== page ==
Economics

EMD Relative weekly notes: Week Ending November 29, 2019


James Barrineau

James Barrineau

Head of Emerging Markets Debt Relative


In this note we make some observations about what the differing performance within the EMD opportunity set are telling us regarding future prospects for the asset class:

  • There is a well-publicized theme of social unrest in many emerging countries as further attempts at fiscal tightening reach their presumed political limits. We have seen this in Chile, Ecuador, and now Colombia. The countries with the least ability to accomodate this are of course those that are non-investment grade. In our view this has been well priced in—over the past two months IG has bested non-IG in the sovereign space by over 100 basis points. Year-to-date the dispersion is striking: 16.07% returns for IG versus 7% for non-IG.*
  • But it would be a mistake to extrapolate this! For corporates, the YTD returns differ almost not at all with 12.08% for IG and 11.88% for non-IG.* What is the difference? Most corporates, even non-IG ones, reside in more stable countries like Mexico, Brazil, China and Russia. The lesson is that this is not a "risk off" trend that is specific to the entire asset class. In our view, the market has differentiated rationally.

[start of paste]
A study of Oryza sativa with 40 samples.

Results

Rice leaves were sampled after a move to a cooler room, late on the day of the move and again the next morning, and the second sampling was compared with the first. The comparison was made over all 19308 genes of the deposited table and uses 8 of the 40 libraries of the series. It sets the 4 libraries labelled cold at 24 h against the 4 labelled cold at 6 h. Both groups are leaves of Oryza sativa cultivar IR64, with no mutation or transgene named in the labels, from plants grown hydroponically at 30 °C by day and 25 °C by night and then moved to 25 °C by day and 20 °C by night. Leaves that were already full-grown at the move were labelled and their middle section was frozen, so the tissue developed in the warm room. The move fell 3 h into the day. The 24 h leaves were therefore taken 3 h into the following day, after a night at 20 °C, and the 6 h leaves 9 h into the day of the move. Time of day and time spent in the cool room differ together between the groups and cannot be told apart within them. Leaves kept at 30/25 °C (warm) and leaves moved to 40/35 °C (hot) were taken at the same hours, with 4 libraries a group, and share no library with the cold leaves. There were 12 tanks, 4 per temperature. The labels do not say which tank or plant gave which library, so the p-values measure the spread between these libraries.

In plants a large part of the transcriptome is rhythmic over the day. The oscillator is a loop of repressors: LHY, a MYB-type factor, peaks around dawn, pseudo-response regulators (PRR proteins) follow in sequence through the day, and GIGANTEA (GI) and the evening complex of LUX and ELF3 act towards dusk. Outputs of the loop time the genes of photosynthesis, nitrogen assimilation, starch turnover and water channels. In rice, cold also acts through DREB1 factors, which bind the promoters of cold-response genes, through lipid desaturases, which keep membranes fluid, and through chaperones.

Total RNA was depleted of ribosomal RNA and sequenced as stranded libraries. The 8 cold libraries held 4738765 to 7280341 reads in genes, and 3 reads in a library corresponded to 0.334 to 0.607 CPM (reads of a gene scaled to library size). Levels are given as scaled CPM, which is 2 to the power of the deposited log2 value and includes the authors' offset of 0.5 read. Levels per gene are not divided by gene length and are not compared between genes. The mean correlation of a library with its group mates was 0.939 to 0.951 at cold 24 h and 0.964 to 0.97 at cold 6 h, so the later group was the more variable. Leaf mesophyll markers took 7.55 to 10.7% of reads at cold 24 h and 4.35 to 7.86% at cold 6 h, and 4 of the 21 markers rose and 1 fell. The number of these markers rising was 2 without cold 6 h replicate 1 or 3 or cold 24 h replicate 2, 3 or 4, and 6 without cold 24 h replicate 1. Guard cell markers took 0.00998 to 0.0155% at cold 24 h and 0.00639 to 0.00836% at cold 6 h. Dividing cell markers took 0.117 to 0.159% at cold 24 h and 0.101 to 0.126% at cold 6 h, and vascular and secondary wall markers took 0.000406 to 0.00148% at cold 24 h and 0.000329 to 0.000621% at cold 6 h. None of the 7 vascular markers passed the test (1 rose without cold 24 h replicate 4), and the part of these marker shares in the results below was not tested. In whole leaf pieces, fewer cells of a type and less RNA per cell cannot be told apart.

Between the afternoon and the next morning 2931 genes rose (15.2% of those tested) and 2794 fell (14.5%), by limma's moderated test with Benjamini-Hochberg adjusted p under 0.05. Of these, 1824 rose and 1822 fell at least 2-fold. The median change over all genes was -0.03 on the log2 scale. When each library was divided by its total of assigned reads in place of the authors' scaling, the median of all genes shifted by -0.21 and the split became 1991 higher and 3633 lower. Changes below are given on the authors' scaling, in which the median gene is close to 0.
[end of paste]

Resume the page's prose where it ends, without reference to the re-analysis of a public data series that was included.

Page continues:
• Where we think there is arguably a bit of contagion is within Latin American local debt. Regional index currency returns have been -3.54% this month, led by Chile's 7% peso fall, but negative everywhere except Argentina. That contagion definitely stops in the hemisphere, as currency returns have been positive elsewhere.
  • While we expect some of the most stressed sovereigns like Lebanon and possibly Ecuador to continue to face challenges fiscally, other non-investment grade sovereigns that do not fall victim to significant and very public fiscal constraints are likely to do fine—many African countries fall into this category.  
  • Following a year of double-digit returns, it is natural to make the broad assumption the asset class has few further gains to offer. The dispersion we have seen suggests that for investors with access to the full opportunity set of sovereigns, corporates, and local, this does not necessarily have to be the case.

* Source: JPMorgan, November 29, 2019.